A group of students from New York City is spending the week enjoying Central New York’s slower pace and environment. The students are part of a program that might just launch them into science careers.
The 19 rising juniors from Brooklyn probably don’t often go to a classroom that looks like the one here on Onondaga Lake. They took part in a research project to catalog what kind of fish were caught in a big net.
They learned about the different species, adaptations, and the eco-system, as well as the lake’s recovery. Ariana Hancock and Dylan John aren’t exactly used to picking up live fish to help identify them.
“I got to hold the fish and it felt so weird. I’m used to holding fish when it’s cooked, but this was a fresh fish, like it’s still living. It was nice to have this sort of life in my hand,” said Dylan.
“It was really fun, something very different,” added Ariana. “I’m used to them being on my plate and me not touching them, but it’s still very cool.”
The students are part of the Sponsors for Educational Opportunity program…they chose to take part and do activities starting in 9th grade. Here SUNY E-S-F students helped them through a variety of activities and environments, as part of the ESF SCIENCE program: Summer Camps Investigating Ecology in Neighborhood and City Environments. Training Coordinator Brandon Murphy and the college students are sharing their passion.
"We’re hoping some of that enthusiasm for the environment they pick up on. People’s perception of science tends to be more like biology or chemistry; they don’t know sort of the nuance, things like ecology and environmental engineering.”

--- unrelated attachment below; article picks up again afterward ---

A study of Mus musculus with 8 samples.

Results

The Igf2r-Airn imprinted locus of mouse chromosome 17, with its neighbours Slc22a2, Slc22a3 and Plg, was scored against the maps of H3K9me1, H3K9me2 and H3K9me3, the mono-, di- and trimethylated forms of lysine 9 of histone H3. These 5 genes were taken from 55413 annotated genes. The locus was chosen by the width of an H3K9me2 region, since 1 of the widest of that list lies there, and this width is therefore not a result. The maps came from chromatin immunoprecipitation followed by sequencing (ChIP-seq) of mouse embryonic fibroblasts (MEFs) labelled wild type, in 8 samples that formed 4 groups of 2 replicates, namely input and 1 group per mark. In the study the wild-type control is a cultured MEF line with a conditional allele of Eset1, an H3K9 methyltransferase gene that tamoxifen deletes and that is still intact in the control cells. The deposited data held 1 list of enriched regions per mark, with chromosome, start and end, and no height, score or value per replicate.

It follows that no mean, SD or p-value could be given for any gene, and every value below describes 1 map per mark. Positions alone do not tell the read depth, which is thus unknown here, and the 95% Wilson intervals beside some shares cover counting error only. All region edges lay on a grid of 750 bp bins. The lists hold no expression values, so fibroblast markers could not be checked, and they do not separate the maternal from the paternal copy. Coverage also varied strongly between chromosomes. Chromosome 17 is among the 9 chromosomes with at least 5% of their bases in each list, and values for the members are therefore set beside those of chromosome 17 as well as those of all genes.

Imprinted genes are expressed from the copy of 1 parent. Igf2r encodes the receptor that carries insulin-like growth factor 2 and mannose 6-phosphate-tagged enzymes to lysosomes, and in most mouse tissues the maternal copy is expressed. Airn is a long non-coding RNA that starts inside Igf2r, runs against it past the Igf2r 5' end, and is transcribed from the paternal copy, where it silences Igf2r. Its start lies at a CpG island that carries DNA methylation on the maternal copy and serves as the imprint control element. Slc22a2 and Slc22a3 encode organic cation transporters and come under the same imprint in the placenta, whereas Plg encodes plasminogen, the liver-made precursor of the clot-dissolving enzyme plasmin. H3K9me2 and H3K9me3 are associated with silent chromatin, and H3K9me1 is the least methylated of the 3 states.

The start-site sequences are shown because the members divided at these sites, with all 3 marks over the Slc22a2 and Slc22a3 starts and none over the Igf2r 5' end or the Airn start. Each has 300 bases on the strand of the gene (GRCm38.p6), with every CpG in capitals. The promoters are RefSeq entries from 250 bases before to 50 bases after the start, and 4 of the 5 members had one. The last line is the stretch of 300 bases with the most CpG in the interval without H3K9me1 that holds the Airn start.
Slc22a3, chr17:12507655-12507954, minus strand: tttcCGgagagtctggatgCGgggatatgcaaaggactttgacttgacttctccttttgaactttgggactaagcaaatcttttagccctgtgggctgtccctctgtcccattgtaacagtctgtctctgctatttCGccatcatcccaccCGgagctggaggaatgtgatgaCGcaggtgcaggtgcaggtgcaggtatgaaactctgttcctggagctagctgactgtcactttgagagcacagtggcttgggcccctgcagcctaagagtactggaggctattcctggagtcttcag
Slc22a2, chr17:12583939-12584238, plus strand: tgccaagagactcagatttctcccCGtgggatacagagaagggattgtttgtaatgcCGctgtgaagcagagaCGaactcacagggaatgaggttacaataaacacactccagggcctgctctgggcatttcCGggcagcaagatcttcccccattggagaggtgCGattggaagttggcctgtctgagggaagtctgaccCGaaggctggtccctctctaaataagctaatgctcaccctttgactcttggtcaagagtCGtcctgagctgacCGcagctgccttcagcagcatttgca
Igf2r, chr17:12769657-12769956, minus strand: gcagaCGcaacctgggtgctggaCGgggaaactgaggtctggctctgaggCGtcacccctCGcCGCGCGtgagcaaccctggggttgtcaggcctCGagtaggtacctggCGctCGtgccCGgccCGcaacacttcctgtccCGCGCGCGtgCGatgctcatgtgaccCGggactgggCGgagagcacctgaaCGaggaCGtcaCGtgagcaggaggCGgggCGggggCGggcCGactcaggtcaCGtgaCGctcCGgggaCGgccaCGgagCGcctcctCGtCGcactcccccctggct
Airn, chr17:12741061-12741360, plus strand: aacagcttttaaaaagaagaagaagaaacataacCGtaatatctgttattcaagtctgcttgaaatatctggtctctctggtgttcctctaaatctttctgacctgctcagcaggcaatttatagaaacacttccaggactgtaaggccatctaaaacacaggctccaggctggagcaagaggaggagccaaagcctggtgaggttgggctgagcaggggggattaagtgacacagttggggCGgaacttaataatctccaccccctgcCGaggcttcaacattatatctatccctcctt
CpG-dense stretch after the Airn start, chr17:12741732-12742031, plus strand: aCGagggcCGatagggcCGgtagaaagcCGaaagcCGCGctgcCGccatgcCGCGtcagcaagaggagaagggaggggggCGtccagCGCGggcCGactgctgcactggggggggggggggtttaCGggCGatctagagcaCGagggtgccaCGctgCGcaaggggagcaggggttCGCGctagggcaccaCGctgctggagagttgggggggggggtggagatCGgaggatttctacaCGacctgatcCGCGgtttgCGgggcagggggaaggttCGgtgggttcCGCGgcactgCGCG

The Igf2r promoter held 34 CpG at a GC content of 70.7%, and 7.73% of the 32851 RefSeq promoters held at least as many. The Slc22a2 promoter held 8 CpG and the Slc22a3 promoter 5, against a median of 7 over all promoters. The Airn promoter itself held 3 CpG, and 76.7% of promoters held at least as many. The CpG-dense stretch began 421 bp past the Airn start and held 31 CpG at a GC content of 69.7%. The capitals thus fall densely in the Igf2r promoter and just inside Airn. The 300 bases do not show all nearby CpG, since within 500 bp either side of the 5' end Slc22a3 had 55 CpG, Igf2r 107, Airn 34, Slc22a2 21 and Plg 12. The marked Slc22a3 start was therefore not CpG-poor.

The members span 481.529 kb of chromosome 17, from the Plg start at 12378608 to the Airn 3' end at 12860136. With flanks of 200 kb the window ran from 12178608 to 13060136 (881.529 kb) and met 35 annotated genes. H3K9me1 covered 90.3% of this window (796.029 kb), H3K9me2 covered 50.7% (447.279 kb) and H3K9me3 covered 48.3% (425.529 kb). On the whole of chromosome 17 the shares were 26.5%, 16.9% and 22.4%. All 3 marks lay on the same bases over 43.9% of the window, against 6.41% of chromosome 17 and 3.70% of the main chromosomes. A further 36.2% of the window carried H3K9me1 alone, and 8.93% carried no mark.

Ariana and Dylan are open to the new experiences and the learnings
“The stream ecology, we definitely studied the different microorganisms and macro-organisms. In Furnace (creek) it’s so cool because you get really up close with the animals and it’s not something we can do back home, said Ariana”
“What resonated with me was probably environmental engineering because I found it so interesting that so much can go into something so little,” added Dylan. “In the city we don’t think about the environment much, but it’s such a big part of life.”
Many of the students are from immigrant families, or from single parent and low income homes…and more than four out of five will be the first member of their family to attend college.